Tonight – December 2, 2016 – you won’t want to to miss the grand coupling of the moon and Venus at dusk and early evening! After all, the moon and Venus rank as the second-brightest and third-brightest celestial bodies, respectively, after the sun. Think photo opportunity.
Two other visible planets reside in the December 2016 evening sky: Mercury and Mars. It’ll be a challenge to catch the planet Mercury below the moon and Venus, and easier to view the red planet Mars above the moon and Venus. Mercury follows the sun below the horizon before nightfall, whereas Mars stays out until about 9 to 10 p.m. at mid-northern latitudes. At southerly latitudes in the Southern Hemisphere Mars stays out until very late evening.
From around the world, the waxing crescent moon will join up with Mars on the sky’s dome in a few more days. See the sky chart below.
Many of you may already know that Earth’s orbital axis tilts about 23.45o relative to the ecliptic – Earth’s orbital plane. The inclination of Mars’ rotational axis is nearly the same, at just over 25o.
But the rotational axes of the moon and Venus are almost perpendicular to the ecliptic. The moon is only about 1.54o out of perpendicular to the ecliptic while Venus is about 2.64o off.
That means the lunar terminator – shadow line between lunar day and lunar night – is nearly perpendicular to the ecliptic as well. Extending the lunar terminator in one direction guides you to the lunar north pole and the other direction to the lunar south pole.
Although you need a telescope to see the phases of Venus, the Venusian terminator (shadow line) acts as your guide to the Venusian poles as well. The Venusian terminator is almost perpendicular to the ecliptic, and extending the Venusian terminator in one direction takes you to Venus’ north pole and in the other direction to Venus’ south pole.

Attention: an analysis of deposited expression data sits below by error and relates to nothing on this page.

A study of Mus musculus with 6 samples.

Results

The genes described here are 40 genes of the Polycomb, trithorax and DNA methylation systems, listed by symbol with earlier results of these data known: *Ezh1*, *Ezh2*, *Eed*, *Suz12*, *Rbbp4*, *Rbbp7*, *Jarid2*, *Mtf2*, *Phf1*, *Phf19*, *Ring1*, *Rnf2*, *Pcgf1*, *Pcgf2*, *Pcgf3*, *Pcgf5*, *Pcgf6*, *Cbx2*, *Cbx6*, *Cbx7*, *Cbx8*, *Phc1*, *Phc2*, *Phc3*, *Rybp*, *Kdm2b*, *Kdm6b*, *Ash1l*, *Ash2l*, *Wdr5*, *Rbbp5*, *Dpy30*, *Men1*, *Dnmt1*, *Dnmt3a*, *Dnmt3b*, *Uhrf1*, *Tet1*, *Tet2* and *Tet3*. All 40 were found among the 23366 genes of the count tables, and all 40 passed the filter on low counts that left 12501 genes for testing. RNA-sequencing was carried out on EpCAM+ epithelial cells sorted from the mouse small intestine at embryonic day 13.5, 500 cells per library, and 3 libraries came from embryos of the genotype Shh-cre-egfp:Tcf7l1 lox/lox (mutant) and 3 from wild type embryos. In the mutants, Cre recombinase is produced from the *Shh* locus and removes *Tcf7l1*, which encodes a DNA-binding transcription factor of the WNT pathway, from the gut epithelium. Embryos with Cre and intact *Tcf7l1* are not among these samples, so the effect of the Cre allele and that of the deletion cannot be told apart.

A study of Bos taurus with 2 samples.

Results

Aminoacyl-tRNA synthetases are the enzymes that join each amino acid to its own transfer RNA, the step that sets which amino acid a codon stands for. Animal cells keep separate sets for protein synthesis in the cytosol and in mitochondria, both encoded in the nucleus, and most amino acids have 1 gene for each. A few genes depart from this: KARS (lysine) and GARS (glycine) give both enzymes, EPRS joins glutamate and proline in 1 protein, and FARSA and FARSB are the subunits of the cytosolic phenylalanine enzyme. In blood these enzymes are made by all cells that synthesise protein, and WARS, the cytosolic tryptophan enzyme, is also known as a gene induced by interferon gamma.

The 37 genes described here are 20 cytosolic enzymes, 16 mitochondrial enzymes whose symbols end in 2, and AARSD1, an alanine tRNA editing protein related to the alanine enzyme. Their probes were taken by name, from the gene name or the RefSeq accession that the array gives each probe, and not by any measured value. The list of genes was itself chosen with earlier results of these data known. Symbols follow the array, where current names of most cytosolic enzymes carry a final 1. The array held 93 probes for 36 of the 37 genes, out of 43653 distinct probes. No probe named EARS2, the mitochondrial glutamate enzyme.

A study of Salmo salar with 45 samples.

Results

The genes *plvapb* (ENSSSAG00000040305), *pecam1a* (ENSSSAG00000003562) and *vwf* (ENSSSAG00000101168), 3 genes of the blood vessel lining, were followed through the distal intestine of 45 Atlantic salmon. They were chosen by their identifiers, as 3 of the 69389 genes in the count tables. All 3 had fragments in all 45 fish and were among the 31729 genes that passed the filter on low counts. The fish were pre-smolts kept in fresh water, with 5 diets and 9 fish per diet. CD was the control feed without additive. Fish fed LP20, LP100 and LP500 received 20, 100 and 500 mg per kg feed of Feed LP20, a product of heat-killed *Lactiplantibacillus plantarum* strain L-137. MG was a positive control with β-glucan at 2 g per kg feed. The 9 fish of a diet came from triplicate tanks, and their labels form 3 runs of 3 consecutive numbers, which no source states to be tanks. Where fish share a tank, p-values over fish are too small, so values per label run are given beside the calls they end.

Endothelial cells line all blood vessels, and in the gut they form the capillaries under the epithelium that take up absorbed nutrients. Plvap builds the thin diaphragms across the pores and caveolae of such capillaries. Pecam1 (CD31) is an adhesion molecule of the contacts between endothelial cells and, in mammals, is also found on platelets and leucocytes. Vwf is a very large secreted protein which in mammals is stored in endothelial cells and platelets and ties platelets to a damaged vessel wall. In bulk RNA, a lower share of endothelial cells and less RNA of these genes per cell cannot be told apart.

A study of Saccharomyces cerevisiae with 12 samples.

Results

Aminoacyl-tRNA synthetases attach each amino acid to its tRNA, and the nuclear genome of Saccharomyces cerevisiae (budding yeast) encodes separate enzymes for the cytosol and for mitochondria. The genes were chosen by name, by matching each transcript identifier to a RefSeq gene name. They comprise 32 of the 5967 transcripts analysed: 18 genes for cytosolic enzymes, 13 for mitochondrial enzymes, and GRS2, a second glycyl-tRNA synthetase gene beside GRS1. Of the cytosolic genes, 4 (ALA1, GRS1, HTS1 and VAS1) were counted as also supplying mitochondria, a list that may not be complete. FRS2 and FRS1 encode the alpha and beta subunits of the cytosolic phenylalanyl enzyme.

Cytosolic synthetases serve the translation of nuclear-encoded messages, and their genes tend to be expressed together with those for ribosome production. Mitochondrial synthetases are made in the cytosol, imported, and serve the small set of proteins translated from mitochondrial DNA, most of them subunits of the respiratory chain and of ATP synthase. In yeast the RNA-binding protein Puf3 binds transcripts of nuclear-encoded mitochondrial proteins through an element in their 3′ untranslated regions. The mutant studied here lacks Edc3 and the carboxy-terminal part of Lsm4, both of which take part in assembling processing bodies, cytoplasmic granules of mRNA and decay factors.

Look at the moon. The near side of the moon rotates from east to west (toward sunset) while the far side rotates from west to east (toward sunrise). In other words, if you had a bird’s-eye view of the north side of the solar system plane, you’d see the moon orbiting Earth in the same direction that the moon rotates on its axis: counterclockwise.
However, as seen from Earth, we only see one side of the moon. That’s because the moon rotates on its axis in the same period of time that it orbits the Earth. This is known as synchronous rotation.
Now look at Venus. The near side of Venus rotates from west to east (toward sunrise) and the far side rotates from east to west (toward sunset). Given a bird’s-eye view of the north side of the solar system plane, you’d see Venus orbiting the sun counterclockwise but rotating on its axis in a clockwise direction.
By the way, the Earth orbits the sun in the same direction that it rotates upon its axis: counterclockwise.
By the “right hand” definition of north and south, the hemisphere of a planet that rotates counterclockwise is called the northern hemisphere and that which rotates clockwise is called the southern hemisphere. So, while the moon’s northern axis points north of the ecliptic, it’s Venus’s southern axis that points north of the ecliptic.
Bottom line: On Friday evening – December 2, 2016 – watch after sunset for the moon and Venus in your western sky.
Bruce McClure has served as lead writer for EarthSky's popular Tonight pages since 2004. He's a sundial aficionado, whose love for the heavens has taken him to Lake Titicaca in Bolivia and sailing in the North Atlantic, where he earned his celestial navigation certificate through the School of Ocean Sailing and Navigation. He also writes and hosts public astronomy programs and planetarium programs in and around his home in upstate New York.